Finger Lickin’ Good

Dave: My wife makes me take off my clothes in the garage. Then she leaves out a bucket of warm water and some soap. And then she douses everything in hand sanitizer after I leave. I mean, she’s overreacting, right?
Dr. Erin Mears: Not really. And stop touching your face, Dave.
– Contagion, 2011

Sue O’ is my assistant, as she has been through most of my years at the Small Office. She can find order in chaos. She can see the positive where others find regret. She looks forward, never back. I am the opposite in all those things.

What she does best is many things at once. We recently acquired a small company and Sue O’ is coordinating the change in corporate identification. That means updating government registrations, signage, stationery, promotional material. She doesn’t necessarily do the work, but she does make sure it gets done, with no detail left unattended. To help her, we temporarily assigned a secretary from the Marketing Department.

Alissa is young and keen and has just the right amount of ambition. She also has a strep throat. She informed Sue O’ of this fact on the second day of her transfer.

Sue O’ shuddered as she saw Alissa pick her teeth.

Alissa has this bad habit of licking her fingers as she rifles through papers. Those fingers must be awfully dry because she licks them often. Then she brings her files to Sue O’ or perhaps a cup of coffee. So how long do those little streptococcal buggers last as they crawl along No. 1 bond watermarked paper or cling to porcelain mugs? Do those repugnant pathogens continue to multiply in their little grape-like clusters as they transfer to new hosts? Sue O’ shuddered as she saw Alissa pick her teeth.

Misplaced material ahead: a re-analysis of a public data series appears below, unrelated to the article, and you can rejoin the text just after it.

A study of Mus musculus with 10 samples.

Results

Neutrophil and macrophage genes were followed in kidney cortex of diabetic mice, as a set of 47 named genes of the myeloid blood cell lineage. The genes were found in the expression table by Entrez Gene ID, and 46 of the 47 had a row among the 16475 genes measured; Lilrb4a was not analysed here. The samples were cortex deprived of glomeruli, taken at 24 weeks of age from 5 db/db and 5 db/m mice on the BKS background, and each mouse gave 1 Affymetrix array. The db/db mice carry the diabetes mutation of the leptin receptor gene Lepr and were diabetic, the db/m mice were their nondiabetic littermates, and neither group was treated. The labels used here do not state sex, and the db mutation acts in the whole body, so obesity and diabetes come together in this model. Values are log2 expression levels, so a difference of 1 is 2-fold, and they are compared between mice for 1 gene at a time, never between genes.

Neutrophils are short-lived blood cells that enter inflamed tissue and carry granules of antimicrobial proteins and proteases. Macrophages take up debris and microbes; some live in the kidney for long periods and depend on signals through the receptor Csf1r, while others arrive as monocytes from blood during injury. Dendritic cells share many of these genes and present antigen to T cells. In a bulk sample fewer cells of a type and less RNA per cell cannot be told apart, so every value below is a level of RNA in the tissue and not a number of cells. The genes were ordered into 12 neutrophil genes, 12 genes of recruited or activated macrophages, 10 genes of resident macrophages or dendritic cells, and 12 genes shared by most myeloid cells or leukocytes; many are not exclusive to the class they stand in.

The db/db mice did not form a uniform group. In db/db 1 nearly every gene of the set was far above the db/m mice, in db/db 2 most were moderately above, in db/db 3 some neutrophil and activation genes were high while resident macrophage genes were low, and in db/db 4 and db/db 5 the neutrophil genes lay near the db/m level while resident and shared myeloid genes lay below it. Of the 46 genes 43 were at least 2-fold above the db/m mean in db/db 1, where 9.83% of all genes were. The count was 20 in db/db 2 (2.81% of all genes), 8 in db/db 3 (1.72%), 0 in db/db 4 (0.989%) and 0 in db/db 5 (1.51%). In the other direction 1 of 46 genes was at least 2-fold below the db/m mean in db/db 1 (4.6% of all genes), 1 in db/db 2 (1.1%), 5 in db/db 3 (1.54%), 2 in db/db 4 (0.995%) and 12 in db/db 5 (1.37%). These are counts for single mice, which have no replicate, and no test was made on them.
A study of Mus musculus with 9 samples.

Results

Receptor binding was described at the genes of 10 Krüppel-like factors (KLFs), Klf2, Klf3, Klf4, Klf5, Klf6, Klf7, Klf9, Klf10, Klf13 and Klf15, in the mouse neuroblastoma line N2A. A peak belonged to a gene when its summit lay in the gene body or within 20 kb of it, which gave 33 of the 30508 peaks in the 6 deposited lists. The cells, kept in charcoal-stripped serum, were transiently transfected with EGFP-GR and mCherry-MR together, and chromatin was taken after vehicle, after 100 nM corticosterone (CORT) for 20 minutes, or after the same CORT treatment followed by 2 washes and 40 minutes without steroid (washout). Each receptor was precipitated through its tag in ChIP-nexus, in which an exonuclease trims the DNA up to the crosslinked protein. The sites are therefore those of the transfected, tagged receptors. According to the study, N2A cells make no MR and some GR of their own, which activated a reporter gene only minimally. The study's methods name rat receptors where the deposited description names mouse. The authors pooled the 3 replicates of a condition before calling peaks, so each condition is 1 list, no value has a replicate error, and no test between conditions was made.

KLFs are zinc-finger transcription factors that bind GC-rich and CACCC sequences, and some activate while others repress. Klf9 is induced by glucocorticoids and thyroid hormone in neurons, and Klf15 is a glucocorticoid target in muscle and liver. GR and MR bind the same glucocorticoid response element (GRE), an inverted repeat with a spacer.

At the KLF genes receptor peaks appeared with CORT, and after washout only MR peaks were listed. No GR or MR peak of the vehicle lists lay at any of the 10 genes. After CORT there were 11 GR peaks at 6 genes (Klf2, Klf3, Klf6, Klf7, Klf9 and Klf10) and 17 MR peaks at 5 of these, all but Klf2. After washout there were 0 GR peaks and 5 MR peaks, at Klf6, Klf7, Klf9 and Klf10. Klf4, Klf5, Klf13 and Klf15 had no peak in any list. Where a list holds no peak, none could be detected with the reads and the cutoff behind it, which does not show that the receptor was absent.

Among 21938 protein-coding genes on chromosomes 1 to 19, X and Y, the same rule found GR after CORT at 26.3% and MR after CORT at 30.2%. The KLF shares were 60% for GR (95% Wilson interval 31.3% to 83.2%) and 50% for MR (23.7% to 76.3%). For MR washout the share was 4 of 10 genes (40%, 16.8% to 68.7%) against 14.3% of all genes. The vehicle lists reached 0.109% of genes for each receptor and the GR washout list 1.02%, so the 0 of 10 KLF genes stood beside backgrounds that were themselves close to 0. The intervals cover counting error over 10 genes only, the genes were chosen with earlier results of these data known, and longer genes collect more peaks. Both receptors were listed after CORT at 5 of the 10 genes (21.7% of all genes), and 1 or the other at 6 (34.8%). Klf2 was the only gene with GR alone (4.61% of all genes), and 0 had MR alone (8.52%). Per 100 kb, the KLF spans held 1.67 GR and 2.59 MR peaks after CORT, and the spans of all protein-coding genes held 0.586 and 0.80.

Dr. Erin Mears: Somewhere in the world, the wrong pig met up with the wrong bat. – Contagion, 2011

On Day 3, Alissa showed up with a cold sore on her upper lip. It was at the blister stage. Swollen, slightly oozing a white viscous substance, not yet ready to scab. She kept poking at it. And then she’d lick her fingers as was her habit and rifle through papers and bring them or perhaps a cup of coffee to Sue O’. Who would wince and clench and repeatedly scrub her hands with sanitizer. And every time she passed my office, she would look at me, her eyes blazing, accusing, threatening to take her vengeance on me for having brought pestilence to her doorstep.

Alan Krumwiede: It’s a bad day to be a rhesus monkey. – Contagion, 2011

Now, of course, the cold sore had nothing to do with the strep throat, and both, in the fullness of time, went away. These things either get better or they get very much worse. None of this provided even the smallest measure of solace to Sue O’ who, I discovered, can be very unforgiving and not the least bit amused. Licking my fingers, I realized that I am the opposite in those things too.